Selling an artwork is exciting. Shipping that artwork is anything but.
Packing and shipping your artwork might be the most dreaded aspect of making a sale.
In a perfect world, you would be able to deliver your artwork in person and see that it was handed off in perfect condition. But, in reality, most of the times you make a sale online or outside of a gallery or fair, you have to struggle with shipping logistics.
We have some expert advice on how to package and ship your sold art pieces.
Use this information as a jumping-off point, but remember that all art has unique challenges and sometimes art becomes damaged in transit regardless.
Be economical with your packaging
You don’t want to spend so much money and time packaging and shipping your artwork that it eats away at your profits.
You can still ship something safely and economically by using recycled materials and inexpensive materials. Boxes can be inexpensive and perfect for transporting art as long as you size and package correctly.
The best boxes are ones that only leave, at most, just a few inches around the piece on the interior. Check out Ecoenclose for an online provider of eco-friendly shipping supplies.
Add layers with thought
For the first layer, use plastic wrap to add a layer of sealed protection to your pieces. The most recommended materials for this are stretch pallet wrapping and a heavy-duty packing tape. This provides the strength and size appropriate for wrapping most art pieces.
Wrap your artwork starting from the back. All diagonal crosses of the wrap should happen at the back of the piece, giving you a smooth, protective layer in front.
When you are done wrapping your piece, art gallery owner Jason Horejs recommends cutting small slits in the back of the wrapping. This helps the artwork “breathe” and reduces the chance of trapping moisture in the wrapping.
The second layer should be an additional flat piece of cardboard. Cut the cardboard to create a tight fitting box around the plastic-wrapped piece. For three-dimensional work, make your inner cardboard box as close to fitting as possible (the first layer should also include bubble wrap on a three-dimensional piece).
Layer three should be your bubble wrap. Get the bubble wrap as tight as you can and add additional pieces to the corners of your artwork or any fragile pieces.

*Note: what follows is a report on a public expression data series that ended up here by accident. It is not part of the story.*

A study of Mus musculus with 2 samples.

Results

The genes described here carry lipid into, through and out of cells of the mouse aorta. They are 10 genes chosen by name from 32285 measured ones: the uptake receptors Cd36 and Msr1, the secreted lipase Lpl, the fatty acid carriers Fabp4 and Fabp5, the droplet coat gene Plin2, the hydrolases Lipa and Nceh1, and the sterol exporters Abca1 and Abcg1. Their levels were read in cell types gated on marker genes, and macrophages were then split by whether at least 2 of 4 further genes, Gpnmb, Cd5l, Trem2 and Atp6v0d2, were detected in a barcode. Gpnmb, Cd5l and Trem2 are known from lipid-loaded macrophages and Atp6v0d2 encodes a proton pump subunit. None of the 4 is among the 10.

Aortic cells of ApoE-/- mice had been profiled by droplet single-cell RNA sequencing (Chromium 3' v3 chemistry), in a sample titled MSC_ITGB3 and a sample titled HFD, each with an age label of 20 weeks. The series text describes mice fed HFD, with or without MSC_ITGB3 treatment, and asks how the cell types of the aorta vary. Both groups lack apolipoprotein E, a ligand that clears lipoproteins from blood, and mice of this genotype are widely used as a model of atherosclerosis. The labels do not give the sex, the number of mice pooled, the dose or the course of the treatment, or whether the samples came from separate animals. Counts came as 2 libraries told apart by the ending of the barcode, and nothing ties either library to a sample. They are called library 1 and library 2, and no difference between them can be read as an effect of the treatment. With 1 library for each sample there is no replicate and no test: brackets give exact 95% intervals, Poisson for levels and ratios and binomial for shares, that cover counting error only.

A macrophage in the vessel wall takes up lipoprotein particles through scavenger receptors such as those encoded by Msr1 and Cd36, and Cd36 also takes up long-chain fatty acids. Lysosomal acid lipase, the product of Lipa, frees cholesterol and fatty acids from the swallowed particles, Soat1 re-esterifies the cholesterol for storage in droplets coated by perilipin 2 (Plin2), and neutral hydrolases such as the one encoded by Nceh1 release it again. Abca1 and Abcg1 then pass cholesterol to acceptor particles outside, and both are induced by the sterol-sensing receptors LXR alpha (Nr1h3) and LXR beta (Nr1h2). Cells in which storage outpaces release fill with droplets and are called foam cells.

It sounds like many layers at this point, but the effort you put in while packing is worth not having to deal with a damaged piece.
Research your shipping options
Check with your local shipping carriers about any size and weight requirements. It may be that the size and weight will require you to use a trucking or freight carrier that is better suited to deliver large packages.
Most shipping companies will offer insurance for your piece while in transit that you should consider. If you have an insurance policy set up, there may be limitations on the coverage while the pieces are in transit. Check in with what you have and what options the carrier provides to cover any gaps in coverage.
If you are shipping large pieces, contact freight companies ahead of time. They may be able to professionally package your artwork for less than it would cost to do it yourself.
You can never be one-hundred percent certain that your piece will be delivered without any glitches, but by following these tips you can do your best to prevent any shipping mishaps.
If there is damage, document everything and provide this to your insurance provider and shipper so they can guide you through the process of getting the piece fixed or the value replaced. You will need to provide information about the piece before the damage occurred.
An easy way to make sure you have this on file is by storing it in your Artwork Archive account. Having an inventory of your work and the details associated will help in the unfortunate case that your artwork is ever damaged in transit.